You Have One of Four Possible Personalities
Each person is a unique, special snowflake with defining characteristics that can't be duplicated. At least, that's probably what you think if you grew up in the '90s and were awarded a trophy just for showing up. But a new study claims that people are actually so simple, they can be categorized into just one of four personalities.
Researchers in Spain asked volunteers to fill out a survey with questions whose answers led to either collaboration or conflict with other people. The results found four distinct personality types: optimistic, pessimistic, envious, and trusting, plus a fifth one that couldn't be clearly identified but is probably just as accurate. The data was then used to create a computer algorithm that ended up categorizing people into the five groups. And if Facebook's "People You May Know" tool is any indication, algorithms are always accurate.
So the Myers-Briggs Personality Type Indicator -- beloved by amateur psychologists who'd like to think their introversion and perceptiveness make them them -- is excessive and outdated. Thought you were an ISTJ? ENFP? You're probably just optimistic about your uniqueness.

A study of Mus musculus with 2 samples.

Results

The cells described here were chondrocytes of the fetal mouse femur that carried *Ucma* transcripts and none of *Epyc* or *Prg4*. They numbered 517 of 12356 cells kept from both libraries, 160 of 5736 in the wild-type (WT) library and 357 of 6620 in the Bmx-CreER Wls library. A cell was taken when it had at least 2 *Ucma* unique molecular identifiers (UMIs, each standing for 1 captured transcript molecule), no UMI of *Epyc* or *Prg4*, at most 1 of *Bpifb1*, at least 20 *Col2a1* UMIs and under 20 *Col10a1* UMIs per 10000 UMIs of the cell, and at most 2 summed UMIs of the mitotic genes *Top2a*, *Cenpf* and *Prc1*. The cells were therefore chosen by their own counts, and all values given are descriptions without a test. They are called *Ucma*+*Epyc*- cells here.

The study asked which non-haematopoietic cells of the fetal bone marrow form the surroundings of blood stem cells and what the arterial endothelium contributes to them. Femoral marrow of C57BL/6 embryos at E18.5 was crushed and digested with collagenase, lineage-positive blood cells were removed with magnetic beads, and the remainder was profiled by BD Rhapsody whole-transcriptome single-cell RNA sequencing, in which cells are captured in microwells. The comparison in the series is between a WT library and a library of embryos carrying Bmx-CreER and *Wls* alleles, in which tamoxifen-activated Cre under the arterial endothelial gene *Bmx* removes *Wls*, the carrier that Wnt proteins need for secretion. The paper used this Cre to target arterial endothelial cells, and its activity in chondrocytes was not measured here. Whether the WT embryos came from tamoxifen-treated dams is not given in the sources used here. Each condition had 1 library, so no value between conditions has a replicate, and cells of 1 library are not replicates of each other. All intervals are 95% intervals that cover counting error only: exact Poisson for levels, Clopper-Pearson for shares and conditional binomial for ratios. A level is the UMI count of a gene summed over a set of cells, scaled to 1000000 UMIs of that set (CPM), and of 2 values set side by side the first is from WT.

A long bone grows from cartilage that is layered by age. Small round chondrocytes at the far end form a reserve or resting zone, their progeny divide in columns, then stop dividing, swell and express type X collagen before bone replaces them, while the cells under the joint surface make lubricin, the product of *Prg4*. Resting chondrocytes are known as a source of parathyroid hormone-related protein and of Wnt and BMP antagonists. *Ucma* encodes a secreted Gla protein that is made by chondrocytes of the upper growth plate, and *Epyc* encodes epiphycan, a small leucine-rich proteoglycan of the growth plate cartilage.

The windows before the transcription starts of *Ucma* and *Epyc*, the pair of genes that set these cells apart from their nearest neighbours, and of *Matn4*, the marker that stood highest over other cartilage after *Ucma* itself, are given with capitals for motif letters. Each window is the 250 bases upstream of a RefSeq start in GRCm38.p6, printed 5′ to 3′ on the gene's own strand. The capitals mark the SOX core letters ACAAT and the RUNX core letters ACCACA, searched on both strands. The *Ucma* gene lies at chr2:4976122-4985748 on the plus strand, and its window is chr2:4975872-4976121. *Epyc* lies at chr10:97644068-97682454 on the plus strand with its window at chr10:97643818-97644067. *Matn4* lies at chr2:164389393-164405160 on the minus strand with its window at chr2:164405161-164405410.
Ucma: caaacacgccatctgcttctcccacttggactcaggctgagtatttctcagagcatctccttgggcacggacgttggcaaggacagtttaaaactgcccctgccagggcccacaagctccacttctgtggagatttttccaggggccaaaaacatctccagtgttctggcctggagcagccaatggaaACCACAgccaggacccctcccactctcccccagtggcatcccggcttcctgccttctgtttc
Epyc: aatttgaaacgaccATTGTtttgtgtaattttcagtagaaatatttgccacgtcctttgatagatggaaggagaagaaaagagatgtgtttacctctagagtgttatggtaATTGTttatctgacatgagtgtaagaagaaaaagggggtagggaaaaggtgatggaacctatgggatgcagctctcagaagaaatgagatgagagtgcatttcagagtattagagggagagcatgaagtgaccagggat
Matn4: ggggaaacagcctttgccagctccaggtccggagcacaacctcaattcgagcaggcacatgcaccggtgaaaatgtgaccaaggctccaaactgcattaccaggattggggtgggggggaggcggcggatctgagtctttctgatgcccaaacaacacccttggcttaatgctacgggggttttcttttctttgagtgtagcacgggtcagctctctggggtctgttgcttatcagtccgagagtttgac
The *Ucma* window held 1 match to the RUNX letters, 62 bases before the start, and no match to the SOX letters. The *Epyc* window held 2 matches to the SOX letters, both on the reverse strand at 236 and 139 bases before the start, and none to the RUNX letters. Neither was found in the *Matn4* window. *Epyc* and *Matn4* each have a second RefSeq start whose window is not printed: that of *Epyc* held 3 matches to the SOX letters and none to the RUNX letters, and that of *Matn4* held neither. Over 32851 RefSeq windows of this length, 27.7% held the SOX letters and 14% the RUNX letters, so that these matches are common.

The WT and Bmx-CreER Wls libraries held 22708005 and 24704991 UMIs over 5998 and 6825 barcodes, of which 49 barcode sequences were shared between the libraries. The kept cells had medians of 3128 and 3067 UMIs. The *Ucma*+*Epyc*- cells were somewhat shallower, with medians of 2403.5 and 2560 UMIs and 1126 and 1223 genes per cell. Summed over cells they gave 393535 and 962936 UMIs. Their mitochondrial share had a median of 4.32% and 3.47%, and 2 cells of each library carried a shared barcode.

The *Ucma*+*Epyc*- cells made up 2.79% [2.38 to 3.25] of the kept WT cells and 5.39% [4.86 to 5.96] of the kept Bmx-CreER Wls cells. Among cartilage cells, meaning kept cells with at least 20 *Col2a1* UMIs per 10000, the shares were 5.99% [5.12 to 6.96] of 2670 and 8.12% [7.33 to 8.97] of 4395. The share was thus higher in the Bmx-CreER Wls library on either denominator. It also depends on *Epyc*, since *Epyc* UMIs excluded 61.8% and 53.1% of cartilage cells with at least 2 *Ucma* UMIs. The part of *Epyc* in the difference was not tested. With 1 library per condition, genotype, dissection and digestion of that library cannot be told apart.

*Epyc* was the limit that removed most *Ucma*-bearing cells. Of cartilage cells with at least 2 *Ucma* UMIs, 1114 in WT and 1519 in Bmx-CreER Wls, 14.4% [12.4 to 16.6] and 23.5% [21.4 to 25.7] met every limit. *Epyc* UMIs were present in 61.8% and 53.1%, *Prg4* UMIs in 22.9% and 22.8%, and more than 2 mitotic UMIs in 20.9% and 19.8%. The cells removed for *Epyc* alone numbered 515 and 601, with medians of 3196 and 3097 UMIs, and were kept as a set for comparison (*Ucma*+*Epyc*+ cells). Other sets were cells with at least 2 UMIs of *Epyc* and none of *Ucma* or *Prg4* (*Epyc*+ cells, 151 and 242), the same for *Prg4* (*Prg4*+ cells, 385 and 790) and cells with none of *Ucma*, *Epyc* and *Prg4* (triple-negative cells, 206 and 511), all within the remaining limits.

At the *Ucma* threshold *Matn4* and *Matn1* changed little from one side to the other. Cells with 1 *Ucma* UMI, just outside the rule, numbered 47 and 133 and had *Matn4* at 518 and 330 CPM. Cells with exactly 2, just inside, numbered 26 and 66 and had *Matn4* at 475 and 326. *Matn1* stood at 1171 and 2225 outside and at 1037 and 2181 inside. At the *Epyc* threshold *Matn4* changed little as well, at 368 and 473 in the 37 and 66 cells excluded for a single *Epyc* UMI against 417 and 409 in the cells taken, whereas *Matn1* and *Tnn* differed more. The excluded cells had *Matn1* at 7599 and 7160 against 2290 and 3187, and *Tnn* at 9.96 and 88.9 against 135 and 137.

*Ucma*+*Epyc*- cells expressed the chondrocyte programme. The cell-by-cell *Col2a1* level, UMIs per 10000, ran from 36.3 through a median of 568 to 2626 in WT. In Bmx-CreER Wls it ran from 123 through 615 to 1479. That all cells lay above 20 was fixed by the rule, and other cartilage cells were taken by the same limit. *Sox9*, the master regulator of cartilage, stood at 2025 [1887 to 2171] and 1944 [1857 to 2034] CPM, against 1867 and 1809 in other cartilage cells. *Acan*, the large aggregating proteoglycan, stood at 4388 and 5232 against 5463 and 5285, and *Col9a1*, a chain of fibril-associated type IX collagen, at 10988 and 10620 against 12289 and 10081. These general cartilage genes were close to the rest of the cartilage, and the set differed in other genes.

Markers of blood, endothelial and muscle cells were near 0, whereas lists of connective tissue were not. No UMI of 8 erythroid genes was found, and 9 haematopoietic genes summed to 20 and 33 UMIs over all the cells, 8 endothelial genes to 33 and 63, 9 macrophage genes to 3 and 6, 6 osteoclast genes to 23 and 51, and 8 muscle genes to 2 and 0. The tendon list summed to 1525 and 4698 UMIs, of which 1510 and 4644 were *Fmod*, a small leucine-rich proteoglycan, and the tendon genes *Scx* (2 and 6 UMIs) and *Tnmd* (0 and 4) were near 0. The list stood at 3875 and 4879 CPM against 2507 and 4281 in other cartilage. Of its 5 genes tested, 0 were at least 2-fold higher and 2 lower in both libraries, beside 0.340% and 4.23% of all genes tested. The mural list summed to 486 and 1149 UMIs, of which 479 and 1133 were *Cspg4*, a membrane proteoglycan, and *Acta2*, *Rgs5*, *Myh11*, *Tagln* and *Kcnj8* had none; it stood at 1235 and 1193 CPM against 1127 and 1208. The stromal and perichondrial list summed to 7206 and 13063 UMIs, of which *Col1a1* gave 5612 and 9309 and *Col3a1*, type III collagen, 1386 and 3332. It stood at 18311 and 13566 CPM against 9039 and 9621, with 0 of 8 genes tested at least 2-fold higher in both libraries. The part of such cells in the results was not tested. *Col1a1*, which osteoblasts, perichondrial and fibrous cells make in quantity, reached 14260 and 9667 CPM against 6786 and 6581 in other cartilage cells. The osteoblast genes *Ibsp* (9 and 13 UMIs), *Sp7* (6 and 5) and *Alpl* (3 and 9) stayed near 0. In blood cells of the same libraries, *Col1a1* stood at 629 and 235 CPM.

The envious group was the most common, accounting for 30% of participants, although it's possible these volunteers were just jealous of everyone else who didn't have to fill out dozens of test-like questions. The other groups had 20%, and a fifth group made up 10% -- scientists leading the study admit that this smaller group defies a one-word description, goshdarnit, and they can't seem to figure it out. So there's 10% of the population running around being unpredictable and uncategorized, and frankly they're probably to blame for all of society's ills.
The pessimistic group was described as making decisions based on what the lesser of two evils is, while optimists want to make the best decision for everyone. Sometimes those are the same thing! Trusting people put faith in a partner's willingness to act on their behalf, while envious people don't really care about the outcome, as long as it's better than other people's.
Basically, the upshot is that human beings aren't nearly as complicated as we're made out to be; some people are just born collaborators, while others would prefer to do things by themselves, no matter how destructive. So, rather than wasting time dissecting someone's personality traits, just toss everyone into one of these buckets and go about your business.
Is it possible that humans are complex, nuanced creatures with a variety of emotions and motivations that make sweeping generalizations appear comically simplistic? Nah. Let's just call the remaining 10% "spicy" and move on.